Target Corp's quarterly profit halved and it warned of a bigger margin hit due to rising fuel and freight costs, in a clear sign there would be no immediate relief for U.S. retailers from surging inflation.
Shares tumbled 24% following the bleak results that came a day after larger rival Walmart Inc cut its annual profit view and its shares logged their worst day since 1987, though both retailers clocked better-than-expected quarterly sales.
"We were less profitable than we expected to be or intend to be over time," Target chief executive Brian Cornell said.
"These (costs) continue to grow almost on a daily basis and there is no sign right now...that it is going to abate over time."
Rising fuel and freight expenses will add nearly $1 billion more than originally expected in annual expenses, Target said, as pandemic disruptions to shipping channels and the crisis in Ukraine keep costs for companies elevated.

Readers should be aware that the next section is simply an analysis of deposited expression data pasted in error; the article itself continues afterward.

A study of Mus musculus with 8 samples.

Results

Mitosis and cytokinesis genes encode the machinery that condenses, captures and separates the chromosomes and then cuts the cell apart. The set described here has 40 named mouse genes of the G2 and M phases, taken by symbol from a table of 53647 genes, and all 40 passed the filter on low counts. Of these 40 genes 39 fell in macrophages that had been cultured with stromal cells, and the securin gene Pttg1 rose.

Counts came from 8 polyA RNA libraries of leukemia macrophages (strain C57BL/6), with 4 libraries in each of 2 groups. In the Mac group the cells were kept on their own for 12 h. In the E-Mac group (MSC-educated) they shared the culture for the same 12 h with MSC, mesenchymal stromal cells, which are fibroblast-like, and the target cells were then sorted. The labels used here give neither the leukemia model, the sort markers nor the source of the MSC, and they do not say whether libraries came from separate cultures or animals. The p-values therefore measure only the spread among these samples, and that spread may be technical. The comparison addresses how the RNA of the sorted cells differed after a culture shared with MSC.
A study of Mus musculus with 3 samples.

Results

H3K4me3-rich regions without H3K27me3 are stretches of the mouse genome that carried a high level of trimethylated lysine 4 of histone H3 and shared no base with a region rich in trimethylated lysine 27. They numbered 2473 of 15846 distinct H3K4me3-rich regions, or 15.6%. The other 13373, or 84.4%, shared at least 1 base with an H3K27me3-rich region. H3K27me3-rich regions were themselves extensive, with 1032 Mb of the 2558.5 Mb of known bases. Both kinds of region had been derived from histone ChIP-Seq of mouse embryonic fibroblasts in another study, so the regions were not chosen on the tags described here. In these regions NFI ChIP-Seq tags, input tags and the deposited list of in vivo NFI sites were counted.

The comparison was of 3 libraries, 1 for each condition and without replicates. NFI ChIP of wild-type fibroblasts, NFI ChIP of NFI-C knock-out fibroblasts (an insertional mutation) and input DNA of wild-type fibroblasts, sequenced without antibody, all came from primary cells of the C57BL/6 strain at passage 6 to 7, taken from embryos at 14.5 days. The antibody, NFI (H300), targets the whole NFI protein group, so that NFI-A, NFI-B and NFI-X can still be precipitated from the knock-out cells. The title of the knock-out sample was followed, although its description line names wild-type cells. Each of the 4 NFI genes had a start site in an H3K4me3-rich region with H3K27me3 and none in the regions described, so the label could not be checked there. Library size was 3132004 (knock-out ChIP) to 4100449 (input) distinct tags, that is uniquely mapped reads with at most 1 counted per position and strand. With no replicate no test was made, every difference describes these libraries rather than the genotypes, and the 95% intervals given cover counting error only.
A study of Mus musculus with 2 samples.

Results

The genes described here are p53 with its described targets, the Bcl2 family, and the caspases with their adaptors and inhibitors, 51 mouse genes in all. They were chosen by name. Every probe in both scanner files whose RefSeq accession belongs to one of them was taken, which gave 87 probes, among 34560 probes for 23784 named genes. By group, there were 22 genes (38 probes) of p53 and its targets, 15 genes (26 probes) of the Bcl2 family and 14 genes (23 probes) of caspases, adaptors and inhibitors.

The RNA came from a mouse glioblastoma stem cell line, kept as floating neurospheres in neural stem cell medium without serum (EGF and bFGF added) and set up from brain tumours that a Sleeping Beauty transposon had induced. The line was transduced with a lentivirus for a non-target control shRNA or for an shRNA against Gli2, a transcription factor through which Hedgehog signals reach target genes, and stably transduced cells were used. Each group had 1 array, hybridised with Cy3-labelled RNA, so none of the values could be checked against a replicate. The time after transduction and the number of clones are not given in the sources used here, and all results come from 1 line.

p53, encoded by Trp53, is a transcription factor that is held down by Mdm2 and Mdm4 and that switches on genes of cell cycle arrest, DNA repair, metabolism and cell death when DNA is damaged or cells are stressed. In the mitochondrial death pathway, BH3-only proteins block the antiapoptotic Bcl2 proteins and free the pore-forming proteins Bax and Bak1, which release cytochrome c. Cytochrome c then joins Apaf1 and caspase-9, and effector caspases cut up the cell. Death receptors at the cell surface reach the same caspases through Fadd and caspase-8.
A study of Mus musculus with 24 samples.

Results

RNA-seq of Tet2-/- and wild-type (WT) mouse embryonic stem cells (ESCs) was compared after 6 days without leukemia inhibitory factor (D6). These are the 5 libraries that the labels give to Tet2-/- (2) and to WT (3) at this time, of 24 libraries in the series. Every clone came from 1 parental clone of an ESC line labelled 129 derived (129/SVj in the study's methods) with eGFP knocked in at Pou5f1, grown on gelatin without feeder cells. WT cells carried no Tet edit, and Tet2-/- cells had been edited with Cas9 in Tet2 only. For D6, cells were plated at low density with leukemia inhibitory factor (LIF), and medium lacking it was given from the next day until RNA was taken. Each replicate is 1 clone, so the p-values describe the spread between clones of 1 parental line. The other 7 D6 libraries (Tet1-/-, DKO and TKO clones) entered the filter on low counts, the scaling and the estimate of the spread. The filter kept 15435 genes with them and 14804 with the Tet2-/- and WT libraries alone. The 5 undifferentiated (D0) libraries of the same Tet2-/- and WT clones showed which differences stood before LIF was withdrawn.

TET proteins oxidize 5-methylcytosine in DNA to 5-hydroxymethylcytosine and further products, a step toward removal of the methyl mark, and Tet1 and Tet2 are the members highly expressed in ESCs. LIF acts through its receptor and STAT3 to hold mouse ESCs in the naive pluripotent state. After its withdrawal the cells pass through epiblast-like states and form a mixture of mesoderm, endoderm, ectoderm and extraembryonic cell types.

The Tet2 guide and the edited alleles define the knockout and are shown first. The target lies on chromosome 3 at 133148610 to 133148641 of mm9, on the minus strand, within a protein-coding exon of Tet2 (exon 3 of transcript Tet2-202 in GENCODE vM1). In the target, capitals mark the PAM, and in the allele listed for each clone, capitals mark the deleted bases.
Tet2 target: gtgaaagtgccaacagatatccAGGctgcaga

Target's quarterly gross margin dipped to 25.7% from 30%, also due to excess inventory resulting in higher discounts. Demand for costlier items such as televisions and kitchen appliances was also waning, the company said.
"Target's print looks remarkably similar to Walmart's ... But this is accompanied by much worse margins due to the now all too common refrain of higher supply-chain costs, which are not yet being fully passed through to consumers," D.A. Davidson analyst Michael Baker said.
"This dynamic, which is likely to persist, makes it painful to own (shares of) retailers in the current environment."
The company predicted annual operating margins to be around 6% compared to a prior forecast of 8% or higher. Its first-quarter net profit fell to $1.01 billion. Its adjusted profit of $2.19 per share missed expectations of $3.92.
Still, revenue rose 4% to $25.17 billion, helped by its strategy to undercut peers by keeping a large section of its products affordable even at the cost of some short-term profitability.